Food From Cloned Animals: The Controversy Continues

February 5, 2008

On January 15th, FDA issued its final risk assessment on the safety of meat and milk from healthy cloned animals and their offspring. Consistent with FDA’s 12/06 draft guidance, it concluded that there is no incremental risk to humans from consumption of these foods. See, “Cloned Foods.” FDA does not currently plan to impose a requirement that foods from cloned animals be labeled as such. A voluntary moratorium on products from the offspring of cloned animals is lifted. FDA nevertheless asked that the voluntary moratorium on using milk from cloned animals remain in place, pending further inquiries as requested by certain Senators. Some food companies have promised that they will not use cloned milk or meat in their products. Organic producers say that meat, milk and other products from cloned animals will not be sold as “organic” in the United States. Some critics have suggested that FDA’s analysis is faulty because it focused on the total number of animals that appear to be adversely affected, not the frequency or severity of the health problems.

In most other countries, milk and food from cloned animals have not been approved for consumption. The EU has no laws regulating animal cloning and food derived from cloned animals. The European Food Safety Authority (“EFSA”), commissioned last February by the European Commission, issued a draft opinion on January 11th that meat and dairy products from cloned animals are probably safe for human consumption. The EFSA report says that milk and meat from healthy cattle and pig clones and their offspring are “within the normal range with respect to the composition and nutritional value of similar products obtained from conventionally bred animals.” The report acknowledged that the data available on safety are “limited.” Study size has so far been small; few animals have been followed for extended periods of time. EFSA is soliciting opinions from experts and the general public.

The European Group on Ethics, 15 experts appointed by the European Commission, issued a statement claiming that using cloned animals for production of food such as meat or milk is not justified. The group asserted that cloned animals experience a higher rate of disease than animals produced conventionally, including malformations, respiratory problems, enlarged livers, hemorrhage, and kidney abnormalities. The Center for Food Safety praised the Group’s statement. Others have suggested that cloning will diminish genetic diversity.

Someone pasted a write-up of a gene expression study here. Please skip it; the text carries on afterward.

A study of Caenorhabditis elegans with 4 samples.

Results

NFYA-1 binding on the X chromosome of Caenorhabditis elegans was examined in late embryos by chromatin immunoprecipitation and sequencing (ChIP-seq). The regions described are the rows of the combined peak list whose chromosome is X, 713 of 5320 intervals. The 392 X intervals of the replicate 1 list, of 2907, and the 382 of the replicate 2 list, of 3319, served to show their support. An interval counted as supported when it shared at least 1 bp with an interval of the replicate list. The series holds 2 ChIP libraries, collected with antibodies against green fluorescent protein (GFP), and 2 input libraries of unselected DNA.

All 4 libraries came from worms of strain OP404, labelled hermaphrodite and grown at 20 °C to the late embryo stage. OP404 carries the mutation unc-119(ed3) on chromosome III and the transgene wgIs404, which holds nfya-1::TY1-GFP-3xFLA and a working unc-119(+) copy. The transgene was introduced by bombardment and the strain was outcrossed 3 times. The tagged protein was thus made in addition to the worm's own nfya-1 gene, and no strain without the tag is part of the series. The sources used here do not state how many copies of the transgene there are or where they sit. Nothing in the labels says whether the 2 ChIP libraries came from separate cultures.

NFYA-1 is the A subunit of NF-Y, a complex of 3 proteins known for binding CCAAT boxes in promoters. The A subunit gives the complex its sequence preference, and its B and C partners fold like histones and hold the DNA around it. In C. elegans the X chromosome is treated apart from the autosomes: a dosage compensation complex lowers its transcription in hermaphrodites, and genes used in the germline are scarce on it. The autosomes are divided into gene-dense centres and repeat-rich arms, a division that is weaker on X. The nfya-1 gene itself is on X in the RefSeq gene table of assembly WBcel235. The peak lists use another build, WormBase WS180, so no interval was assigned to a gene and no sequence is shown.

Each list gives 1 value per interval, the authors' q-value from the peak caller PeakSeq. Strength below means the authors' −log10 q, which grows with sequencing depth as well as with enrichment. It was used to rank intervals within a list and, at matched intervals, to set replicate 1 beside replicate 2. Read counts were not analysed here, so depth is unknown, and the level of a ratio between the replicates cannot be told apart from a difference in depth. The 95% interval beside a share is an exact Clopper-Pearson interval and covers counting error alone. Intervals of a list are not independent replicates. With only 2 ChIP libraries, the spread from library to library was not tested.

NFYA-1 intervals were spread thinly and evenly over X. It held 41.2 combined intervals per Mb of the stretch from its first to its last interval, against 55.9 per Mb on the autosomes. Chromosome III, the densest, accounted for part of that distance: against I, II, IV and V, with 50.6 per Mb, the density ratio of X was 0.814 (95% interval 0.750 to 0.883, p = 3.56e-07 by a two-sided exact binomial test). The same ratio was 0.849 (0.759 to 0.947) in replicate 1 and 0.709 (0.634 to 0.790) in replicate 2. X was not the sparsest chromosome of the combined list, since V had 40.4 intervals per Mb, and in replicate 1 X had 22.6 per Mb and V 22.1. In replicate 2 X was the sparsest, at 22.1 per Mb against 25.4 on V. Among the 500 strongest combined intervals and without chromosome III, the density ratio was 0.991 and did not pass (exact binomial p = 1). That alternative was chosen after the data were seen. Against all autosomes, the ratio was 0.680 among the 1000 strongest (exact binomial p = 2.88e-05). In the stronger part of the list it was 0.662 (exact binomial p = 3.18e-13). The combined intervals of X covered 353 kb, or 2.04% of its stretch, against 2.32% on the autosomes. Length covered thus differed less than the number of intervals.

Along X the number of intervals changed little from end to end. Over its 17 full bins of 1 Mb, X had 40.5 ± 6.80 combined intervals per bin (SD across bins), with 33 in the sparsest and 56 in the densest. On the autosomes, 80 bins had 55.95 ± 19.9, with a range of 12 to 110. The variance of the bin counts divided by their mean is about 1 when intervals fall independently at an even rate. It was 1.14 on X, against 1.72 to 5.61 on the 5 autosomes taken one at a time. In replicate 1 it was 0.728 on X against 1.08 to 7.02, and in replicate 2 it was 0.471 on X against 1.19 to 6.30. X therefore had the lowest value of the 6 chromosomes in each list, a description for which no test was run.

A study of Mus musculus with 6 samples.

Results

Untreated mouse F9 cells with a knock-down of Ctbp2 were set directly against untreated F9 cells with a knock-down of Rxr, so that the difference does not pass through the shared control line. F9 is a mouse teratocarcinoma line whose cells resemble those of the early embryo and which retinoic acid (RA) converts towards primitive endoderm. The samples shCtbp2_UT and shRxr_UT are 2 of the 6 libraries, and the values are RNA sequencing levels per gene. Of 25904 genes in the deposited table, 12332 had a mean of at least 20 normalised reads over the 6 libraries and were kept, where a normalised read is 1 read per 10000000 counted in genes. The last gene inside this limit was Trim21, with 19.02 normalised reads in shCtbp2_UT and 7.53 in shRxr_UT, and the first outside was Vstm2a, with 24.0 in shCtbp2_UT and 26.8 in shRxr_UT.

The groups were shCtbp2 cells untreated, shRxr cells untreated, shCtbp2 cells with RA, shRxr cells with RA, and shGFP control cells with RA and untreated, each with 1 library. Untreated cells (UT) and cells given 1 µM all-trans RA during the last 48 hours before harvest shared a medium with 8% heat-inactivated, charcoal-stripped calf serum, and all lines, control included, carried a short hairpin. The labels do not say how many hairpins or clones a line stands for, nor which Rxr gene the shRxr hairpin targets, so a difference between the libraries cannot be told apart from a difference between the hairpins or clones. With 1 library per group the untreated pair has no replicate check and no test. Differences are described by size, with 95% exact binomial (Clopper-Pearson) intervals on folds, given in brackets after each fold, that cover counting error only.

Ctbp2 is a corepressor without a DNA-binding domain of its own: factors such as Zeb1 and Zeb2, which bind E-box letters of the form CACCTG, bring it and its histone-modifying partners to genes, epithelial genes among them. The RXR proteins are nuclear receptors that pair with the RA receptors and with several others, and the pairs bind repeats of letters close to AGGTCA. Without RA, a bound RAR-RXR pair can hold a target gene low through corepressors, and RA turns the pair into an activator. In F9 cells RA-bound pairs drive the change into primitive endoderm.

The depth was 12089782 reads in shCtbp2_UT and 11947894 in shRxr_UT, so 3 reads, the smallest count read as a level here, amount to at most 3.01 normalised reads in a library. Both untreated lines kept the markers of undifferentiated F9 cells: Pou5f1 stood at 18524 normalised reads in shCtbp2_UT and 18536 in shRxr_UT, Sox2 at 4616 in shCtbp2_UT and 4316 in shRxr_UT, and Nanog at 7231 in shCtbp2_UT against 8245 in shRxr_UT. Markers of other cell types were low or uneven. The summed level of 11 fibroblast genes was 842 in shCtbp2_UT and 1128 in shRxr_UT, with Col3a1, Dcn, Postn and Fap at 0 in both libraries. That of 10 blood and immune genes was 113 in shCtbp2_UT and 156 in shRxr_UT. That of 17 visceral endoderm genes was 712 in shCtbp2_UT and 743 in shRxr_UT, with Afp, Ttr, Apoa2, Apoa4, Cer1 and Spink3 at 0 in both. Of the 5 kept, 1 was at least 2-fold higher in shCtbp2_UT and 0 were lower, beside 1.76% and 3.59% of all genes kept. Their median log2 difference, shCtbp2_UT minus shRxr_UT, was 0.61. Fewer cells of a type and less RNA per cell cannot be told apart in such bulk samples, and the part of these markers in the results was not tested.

California is now considering a bill introduced in that state’s Senate calling for labeling of bills from cloned animals. Consumers Union and the Center for Food Safety have issued statements of support. Legislation such as this, of course, creates the risk that producers could be faced with differing requirements in different states. Last year, Governor Schwarzenegger vetoed a similar bill that was passed by the legislature because he concluded that the bill was preempted by federal law.

Thus, the controversy over food from cloned animals continues. At present, the cost of raising a cloned animal is considered too high to be cost-effective. Clones of high-quality animals will likely be used for breeding, and their offspring and products from their offspring will be sold as food. The economic model is that clones of the best breeding stock will produce high-quality offspring for human consumption or for production of milk. Proponents argue that cloning may permit better quality meat to be marketed, from animals with increased disease resistance.

Interestingly, CSPI seems to be maintaining a relatively low profile. Although it points to unanswered questions on animal welfare, ethical and environmental implications of cloning and so forth, its biotechnology director has been quoted as saying that “while the safety of any food cannot be proven with absolute certainty, consumers should have confidence that meat and milk from cloned animals and their offspring will be safe.”

It is too early to predict the outcome of this debate. The odds are good that if cloned animals do become regular sources of food, many will continue to raise safety questions, and studies will probably be needed to determine the long-term health effects of widespread consumption.